As Microsoft rolls out key products this year and next, it could potentially leapfrog its competitors in the "superplatform"...
arena, according to a new report from the Burton Group, Midvale, Utah.
"In terms of providing a platform for the information worker, Microsoft has really got it nailed," said Anne Thomas Manes, vice president and research director at the Burton Group, and lead author on "The Microsoft Superplatform: Setting the Bar in the Superplatform Arms Race." "Microsoft is the most visionary of all of the [superplatform] players," she said.
The Burton Group defines the superplatform, an outgrowth of the middleware market, as a tightly integrated suite of products that provides a platform for enterprise computing. The Burton Group also puts IBM, BEA Systems Inc., Oracle Corp. and SAP AG in this category. Of these players, the Burton Group said Microsoft has the most cohesive offering. The main tradeoffs are vendor lock-in and .NET vs. Java.
In its quest to be an enterprise player, Microsoft has done much to address enterprise-class security, scalability and manageability in Windows Server 2003, the foundation of its superplatform, according to the Burton Group. "For a long time Microsoft was relegated to the branch office or the small or medium-sized business," Manes said. "Now the stuff [Windows platform] is really scalable and powerful, and you can definitely use it as a core data-center-type operating system."
And over the next two years, Microsoft will be rolling out the next versions of its desktop operating system, now called Windows Vista, which will include the Windows Presentation Foundation (formerly code-named Avalon) and Windows Communication Foundation (formerly code-named Indigo), and the next version of its server, code-named Longhorn Server, which the Burton Group said will offer an even more integrated foundation and advanced platform capabilities. Visual Studio 2005, which includes an update to the .NET Framework (version 2.0), and SQL Server 2005 are expected to ship in November.
While scalability is still an issue for some organizations when choosing a superplatform, "less than 5%" will find Windows is not scalable enough. "The major limitation for Windows is the type of scalability it supports and the number of machines you can put into it. If you're Visa, and you process 8,000 transactions per second, you might have trouble. But if you're an insurance company, no problem." And, she pointed out, Microsoft runs its own company on the Windows platform.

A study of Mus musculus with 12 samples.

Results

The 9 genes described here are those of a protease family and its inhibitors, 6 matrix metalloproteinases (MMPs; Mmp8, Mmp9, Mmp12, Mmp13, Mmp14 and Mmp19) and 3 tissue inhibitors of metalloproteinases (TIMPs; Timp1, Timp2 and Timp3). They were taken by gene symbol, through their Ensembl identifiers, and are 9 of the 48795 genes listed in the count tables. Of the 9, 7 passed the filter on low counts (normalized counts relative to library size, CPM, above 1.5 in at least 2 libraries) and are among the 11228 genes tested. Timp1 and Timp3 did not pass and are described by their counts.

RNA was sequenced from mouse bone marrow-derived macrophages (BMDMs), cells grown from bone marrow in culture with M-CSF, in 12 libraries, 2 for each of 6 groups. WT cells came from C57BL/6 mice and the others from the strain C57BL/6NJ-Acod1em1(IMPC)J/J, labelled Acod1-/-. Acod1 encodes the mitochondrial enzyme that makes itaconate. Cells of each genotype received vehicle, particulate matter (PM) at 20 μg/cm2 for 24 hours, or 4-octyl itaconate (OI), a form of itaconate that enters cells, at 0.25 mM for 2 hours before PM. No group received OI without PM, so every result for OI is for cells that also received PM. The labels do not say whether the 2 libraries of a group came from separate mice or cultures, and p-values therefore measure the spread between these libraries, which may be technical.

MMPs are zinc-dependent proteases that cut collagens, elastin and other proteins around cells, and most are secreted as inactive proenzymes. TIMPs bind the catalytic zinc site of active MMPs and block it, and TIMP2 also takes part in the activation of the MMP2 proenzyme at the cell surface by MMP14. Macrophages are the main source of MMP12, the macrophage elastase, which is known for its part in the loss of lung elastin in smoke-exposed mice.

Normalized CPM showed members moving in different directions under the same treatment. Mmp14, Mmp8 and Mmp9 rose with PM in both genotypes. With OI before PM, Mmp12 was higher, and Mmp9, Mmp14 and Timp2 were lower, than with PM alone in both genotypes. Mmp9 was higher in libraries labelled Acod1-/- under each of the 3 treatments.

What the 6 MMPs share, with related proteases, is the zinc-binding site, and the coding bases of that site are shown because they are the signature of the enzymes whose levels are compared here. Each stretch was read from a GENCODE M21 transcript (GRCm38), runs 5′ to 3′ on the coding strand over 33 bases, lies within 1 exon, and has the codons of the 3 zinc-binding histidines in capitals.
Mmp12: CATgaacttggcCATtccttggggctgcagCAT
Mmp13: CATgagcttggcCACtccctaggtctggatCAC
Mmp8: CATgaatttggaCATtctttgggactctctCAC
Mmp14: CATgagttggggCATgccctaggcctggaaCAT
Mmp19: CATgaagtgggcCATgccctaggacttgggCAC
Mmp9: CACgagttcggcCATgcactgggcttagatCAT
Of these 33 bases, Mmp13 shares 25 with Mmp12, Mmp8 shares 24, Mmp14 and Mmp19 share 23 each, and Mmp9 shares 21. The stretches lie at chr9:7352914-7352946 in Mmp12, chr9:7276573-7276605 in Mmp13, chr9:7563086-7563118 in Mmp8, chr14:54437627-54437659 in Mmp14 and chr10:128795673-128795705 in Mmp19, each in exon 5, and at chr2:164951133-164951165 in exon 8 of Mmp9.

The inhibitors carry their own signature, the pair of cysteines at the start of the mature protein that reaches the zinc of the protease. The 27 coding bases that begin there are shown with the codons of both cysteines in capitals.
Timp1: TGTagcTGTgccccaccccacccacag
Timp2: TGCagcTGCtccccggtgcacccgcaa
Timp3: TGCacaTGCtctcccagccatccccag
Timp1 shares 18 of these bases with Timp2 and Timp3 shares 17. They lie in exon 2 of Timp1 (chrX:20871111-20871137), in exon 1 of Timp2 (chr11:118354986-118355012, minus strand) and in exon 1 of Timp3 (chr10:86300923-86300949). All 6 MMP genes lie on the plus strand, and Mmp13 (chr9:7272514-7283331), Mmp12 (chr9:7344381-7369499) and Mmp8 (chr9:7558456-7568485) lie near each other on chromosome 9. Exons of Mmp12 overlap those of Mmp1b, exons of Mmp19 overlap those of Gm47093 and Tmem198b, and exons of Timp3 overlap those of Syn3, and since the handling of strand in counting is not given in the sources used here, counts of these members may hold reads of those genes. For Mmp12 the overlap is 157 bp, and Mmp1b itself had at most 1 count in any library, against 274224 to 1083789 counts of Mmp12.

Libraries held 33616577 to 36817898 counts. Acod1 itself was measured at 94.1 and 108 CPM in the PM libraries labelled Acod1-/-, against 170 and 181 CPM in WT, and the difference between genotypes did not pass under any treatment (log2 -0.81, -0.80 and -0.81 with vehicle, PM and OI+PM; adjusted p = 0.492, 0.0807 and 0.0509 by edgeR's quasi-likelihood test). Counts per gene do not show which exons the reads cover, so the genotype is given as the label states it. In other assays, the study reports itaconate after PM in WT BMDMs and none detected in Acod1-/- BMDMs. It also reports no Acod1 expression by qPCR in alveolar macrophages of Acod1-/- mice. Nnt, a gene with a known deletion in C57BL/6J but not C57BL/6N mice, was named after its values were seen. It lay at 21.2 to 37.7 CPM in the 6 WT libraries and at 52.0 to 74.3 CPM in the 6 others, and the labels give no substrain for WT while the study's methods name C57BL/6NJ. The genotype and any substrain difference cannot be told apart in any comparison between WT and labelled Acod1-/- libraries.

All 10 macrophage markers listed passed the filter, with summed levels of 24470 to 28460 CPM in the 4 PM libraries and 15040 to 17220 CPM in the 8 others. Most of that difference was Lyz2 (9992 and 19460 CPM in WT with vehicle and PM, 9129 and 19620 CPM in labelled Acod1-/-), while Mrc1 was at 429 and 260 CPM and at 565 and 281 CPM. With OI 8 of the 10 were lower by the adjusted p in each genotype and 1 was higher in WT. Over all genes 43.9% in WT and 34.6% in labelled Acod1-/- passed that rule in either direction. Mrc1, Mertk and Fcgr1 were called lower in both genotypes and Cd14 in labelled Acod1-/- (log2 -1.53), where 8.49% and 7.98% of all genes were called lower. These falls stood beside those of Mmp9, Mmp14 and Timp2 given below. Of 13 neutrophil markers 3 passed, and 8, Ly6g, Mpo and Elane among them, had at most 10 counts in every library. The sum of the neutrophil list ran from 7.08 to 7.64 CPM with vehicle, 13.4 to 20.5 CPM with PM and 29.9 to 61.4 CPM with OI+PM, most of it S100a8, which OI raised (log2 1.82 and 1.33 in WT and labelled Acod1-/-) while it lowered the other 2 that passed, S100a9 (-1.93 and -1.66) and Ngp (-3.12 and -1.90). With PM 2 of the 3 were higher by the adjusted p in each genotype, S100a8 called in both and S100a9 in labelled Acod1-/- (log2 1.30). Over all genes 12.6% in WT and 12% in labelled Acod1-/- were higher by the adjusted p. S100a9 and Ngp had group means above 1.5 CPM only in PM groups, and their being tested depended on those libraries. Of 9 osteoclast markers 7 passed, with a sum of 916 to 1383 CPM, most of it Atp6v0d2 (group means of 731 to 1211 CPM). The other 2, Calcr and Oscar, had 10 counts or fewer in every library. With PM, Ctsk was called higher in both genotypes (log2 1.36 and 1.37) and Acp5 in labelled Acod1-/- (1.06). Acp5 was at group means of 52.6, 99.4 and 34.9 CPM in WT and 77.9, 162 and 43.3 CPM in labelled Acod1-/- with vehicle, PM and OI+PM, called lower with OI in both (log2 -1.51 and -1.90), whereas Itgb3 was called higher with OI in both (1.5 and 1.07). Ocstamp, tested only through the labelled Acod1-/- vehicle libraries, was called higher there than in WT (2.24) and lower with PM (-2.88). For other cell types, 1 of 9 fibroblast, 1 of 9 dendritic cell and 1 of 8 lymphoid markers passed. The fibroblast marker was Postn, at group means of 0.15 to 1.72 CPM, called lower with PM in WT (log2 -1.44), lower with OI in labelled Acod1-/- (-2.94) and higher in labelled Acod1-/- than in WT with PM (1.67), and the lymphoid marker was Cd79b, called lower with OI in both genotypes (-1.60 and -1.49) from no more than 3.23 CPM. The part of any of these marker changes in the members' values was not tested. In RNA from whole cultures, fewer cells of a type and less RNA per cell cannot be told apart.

Security remains a concern for Component Object Model (COM) applications, but she said development with .NET is very secure. "If you're developing entirely with .NET, then Windows is very secure; it's comparable to Java. If you're still running COM, they haven't done much to block the security vulnerabilities. They're in a challenging position because they will not be able to resolve security issues until they do away with COM. A lot of companies are not willing to turn off COM; they've got too much stuff there." And, she pointed out, "Microsoft still hasn't completed its own transition to .NET."
For several organizations, vendor lock-in is an important issue, but the portability benefits of choosing a Java platform become less as enterprise environments get more sophisticated and complex, Manes said. "The Java superplatforms offer so many bells and whistles you don't get the portability you might once have gotten. Are you seriously going to convert all of your WebLogic applications to WebSphere? It's a huge amount of work."
But don't expect Microsoft to support Java eventually. "It's not in their best interest. They do have J# to write in the Java syntax, and then you can compile into .NET," Manes said.
Manes pointed out that unlike Java, .NET supports numerous languages. ".NET is a virtual machine system comparable to Java; it's a runtime framework. The big difference between .NET and Java is .NET is a multi-language system at heart."
In terms of the competitive landscape, Manes said BEA is vulnerable. "They're falling behind. They have nowhere near as broad an offering in feature/functions as the others." And in her report she identified SAP as the "wildcard." Oracle, she said, has beefed up its Fusion strategy. "They have a comprehensive identity management solution, a Web services management solution, which nobody else has, and good collaboration. Oracle is pretty close, but Microsoft and IBM are in a class by themselves."
The two companies are also setting the direction for a service-oriented world. "Microsoft and IBM are controlling the whole future of Web services, and they're doing it together. They're totally unstoppable in that regard," Manes said.
But despite Microsoft's growing muscle as a superplatform, do not expect an all-Microsoft world, she said. "The Java world is never going away."